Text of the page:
Feminist Club organizes voter registration drive


Outside of the cafeteria, junior Ulaa Kuziez hangs up a sign advertising the voter registration event organized by Feminist Club. Other methods of registering include online or at the Department of Motor Vehicles (DMV), but Wednesday, Jan. 29, students will have the opportunity to register at school during both lunches. “By being registered to vote, [students] will be able to take part in the political process and make a difference,” Kuziez said. “It's important that students reclaim that power and use it for good.”

In a few months, registered voters will have the opportunity to take part in the primary presidential elections and the 2020 presidential election. The primaries will take place March 10 and the presidential election Nov. 3. 

The Feminist Club decided to organize a voter registration event for students Wednesday, Jan. 29.

“The people we might register on Wednesday, we may not agree with them politically, but I do still think that it’s important for all students to realize their voice and their power through the political process and voting,” Feminist Club co-president and junior Ulaa Kuziez said.

Kuziez met with the League of Women Voters earlier in the summer. The organization hosts registration events at several schools in the area and will provide volunteers to help register students.

“As feminists, we believe that everyone should be equal in every [way]. And so [a] really important way to [ensure] that is making sure that everyone’s voice is heard,” Feminist Club co-president and senior Emma Caplinger said. “And what better way to do that in the community than on voting topics.”

Feminist Club coordinated with the activities office and the League of Women Voters in order to ensure the registration event was done by the Feb. 12 deadline so registered voters could vote in the presidential primary election March 10.

“It’s a lot harder to schedule school events than people think,” Caplinger said. “There are so many clubs and so many great things happening in the school that you need to find your window of time.”

At the event, volunteers from the League of Women Voters will require either a driver’s license or the last 4 digits of your Social Security number as well as some personal information. Sixteen states, not including Missouri, have adopted Automatic Voter Registration (AVR), which changes the process to a system where those who do not wish to vote opt-out.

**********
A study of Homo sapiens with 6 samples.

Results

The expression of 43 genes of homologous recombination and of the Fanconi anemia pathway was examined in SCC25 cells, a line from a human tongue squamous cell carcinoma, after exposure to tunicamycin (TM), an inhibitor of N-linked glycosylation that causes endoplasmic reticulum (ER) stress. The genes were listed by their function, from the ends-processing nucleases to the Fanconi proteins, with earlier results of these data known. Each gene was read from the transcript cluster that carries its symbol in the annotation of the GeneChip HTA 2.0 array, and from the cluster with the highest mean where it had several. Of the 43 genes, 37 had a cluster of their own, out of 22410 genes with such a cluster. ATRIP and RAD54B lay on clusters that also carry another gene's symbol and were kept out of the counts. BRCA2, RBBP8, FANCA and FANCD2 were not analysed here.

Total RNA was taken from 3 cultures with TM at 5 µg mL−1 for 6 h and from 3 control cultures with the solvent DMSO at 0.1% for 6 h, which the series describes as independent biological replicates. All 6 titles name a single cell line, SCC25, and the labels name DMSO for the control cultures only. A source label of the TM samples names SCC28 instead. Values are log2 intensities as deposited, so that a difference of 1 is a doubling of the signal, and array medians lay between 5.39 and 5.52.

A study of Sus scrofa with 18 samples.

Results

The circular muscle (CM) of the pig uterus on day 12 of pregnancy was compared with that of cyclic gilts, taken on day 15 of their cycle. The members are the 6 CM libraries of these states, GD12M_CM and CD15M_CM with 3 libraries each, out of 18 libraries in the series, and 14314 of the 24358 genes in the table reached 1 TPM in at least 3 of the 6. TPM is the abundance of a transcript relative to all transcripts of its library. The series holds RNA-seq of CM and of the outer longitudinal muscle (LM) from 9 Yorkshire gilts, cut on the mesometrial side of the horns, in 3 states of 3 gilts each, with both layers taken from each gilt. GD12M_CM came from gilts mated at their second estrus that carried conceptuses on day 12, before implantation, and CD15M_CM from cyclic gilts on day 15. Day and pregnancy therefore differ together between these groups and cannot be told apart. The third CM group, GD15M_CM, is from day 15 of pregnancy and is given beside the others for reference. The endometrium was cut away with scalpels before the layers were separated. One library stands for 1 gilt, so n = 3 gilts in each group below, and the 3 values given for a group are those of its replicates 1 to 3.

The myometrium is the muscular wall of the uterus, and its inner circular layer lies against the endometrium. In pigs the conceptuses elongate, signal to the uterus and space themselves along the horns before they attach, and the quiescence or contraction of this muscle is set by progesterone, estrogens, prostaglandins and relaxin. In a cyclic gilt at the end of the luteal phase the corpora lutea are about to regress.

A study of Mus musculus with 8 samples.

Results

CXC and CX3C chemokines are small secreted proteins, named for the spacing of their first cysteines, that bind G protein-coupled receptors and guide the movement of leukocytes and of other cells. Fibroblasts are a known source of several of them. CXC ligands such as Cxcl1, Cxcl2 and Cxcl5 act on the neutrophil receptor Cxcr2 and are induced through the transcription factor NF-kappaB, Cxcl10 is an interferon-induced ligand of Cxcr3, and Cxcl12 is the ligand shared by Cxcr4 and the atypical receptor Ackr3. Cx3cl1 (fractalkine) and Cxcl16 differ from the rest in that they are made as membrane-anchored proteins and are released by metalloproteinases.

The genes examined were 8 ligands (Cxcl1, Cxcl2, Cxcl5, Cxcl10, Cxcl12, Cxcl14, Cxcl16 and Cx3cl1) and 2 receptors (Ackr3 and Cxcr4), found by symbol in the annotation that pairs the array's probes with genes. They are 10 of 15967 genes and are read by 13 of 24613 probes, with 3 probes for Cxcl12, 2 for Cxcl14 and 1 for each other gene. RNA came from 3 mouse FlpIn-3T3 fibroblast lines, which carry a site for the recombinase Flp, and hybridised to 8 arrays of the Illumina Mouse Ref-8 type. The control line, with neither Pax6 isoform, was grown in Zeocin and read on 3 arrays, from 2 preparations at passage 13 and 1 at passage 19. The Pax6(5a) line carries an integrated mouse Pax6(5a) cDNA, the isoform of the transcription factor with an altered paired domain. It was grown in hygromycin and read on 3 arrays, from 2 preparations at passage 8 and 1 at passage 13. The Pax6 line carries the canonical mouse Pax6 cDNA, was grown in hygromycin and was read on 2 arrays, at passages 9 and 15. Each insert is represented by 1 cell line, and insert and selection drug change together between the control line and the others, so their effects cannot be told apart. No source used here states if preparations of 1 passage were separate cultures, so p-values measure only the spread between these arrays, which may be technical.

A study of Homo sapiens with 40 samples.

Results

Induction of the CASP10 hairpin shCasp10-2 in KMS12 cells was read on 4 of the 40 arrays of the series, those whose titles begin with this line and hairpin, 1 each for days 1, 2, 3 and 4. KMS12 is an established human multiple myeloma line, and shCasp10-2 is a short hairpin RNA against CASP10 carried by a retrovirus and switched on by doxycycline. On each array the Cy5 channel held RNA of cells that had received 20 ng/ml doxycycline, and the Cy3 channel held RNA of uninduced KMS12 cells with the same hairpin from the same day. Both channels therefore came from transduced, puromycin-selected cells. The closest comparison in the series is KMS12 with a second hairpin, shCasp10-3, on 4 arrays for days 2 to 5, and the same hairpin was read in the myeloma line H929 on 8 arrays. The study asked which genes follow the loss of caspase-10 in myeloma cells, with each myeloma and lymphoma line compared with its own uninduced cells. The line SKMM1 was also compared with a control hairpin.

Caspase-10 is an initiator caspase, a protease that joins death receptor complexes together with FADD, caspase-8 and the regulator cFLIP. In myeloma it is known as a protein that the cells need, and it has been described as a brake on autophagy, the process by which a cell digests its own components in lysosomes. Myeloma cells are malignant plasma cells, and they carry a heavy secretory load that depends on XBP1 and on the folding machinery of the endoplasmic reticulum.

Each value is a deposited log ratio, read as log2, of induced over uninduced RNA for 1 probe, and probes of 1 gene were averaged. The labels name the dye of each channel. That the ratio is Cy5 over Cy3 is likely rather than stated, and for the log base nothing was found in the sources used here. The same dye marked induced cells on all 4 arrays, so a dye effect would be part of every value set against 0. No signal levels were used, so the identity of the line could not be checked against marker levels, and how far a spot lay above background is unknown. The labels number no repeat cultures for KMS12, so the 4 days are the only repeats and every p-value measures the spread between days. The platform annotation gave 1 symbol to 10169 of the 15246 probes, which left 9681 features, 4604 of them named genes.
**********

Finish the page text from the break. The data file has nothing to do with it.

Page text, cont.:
I don’t think we should be satisfied until 100% of students that are eligible are registered to vote.”

— history teacher and Feminist Club sponsor Lara Boles

“I wish voter registration was easier, and I think the states that are going to automatic voter registration are doing a great job because once people are registered, they’re much more likely to vote,” history teacher and Feminist Club sponsor Lara Boles said. “I don’t think we should be satisfied until 100% of students that are eligible are registered to vote.”

To register to vote in Missouri, you must be 17-and-a-half years old. This means that all students who register now will be able to vote in the upcoming 2020 presidential election.

“It’s important to me that I’m helping other people realize what they can do and the voice they can have,” Caplinger said. “I look at things that are happening in the world I don’t like, and this is one way that I can help voice my opinion and change that. I want other people to have that same freedom to do that.”

I look at things that are happening in the world I don’t like, and this is one way that I can help voice my opinion and change that. I want other people to have that same freedom to do that,”

— Feminist Club co-president and senior Emma Caplinger

This year marks the 100th anniversary of the 19th amendment which gave women the right to vote. It was officially ratified Aug. 18, 1920. Earlier in the year, Feminist Club decorated the bulletin board outside of the history concept center with information and pictures about the history of women’s suffrage.

“Women didn’t get to vote all throughout American history, and women of color and other minority groups of women didn’t get to vote even longer after white women achieved the right to vote,” Kuziez said. “Feminism plays an integral role in voting in that way.”

Feminist Club plans on continuing voter registration support in future years as well.

“I hope that [registering] will motivate [students] to become more active in local politics and national politics as well,” Caplinger said. “Even if we feel like sometimes it doesn’t exactly go how we want it to, it’s a really important thing to be able to use your rights and have your say in what the government is doing because we’re so lucky to have that.”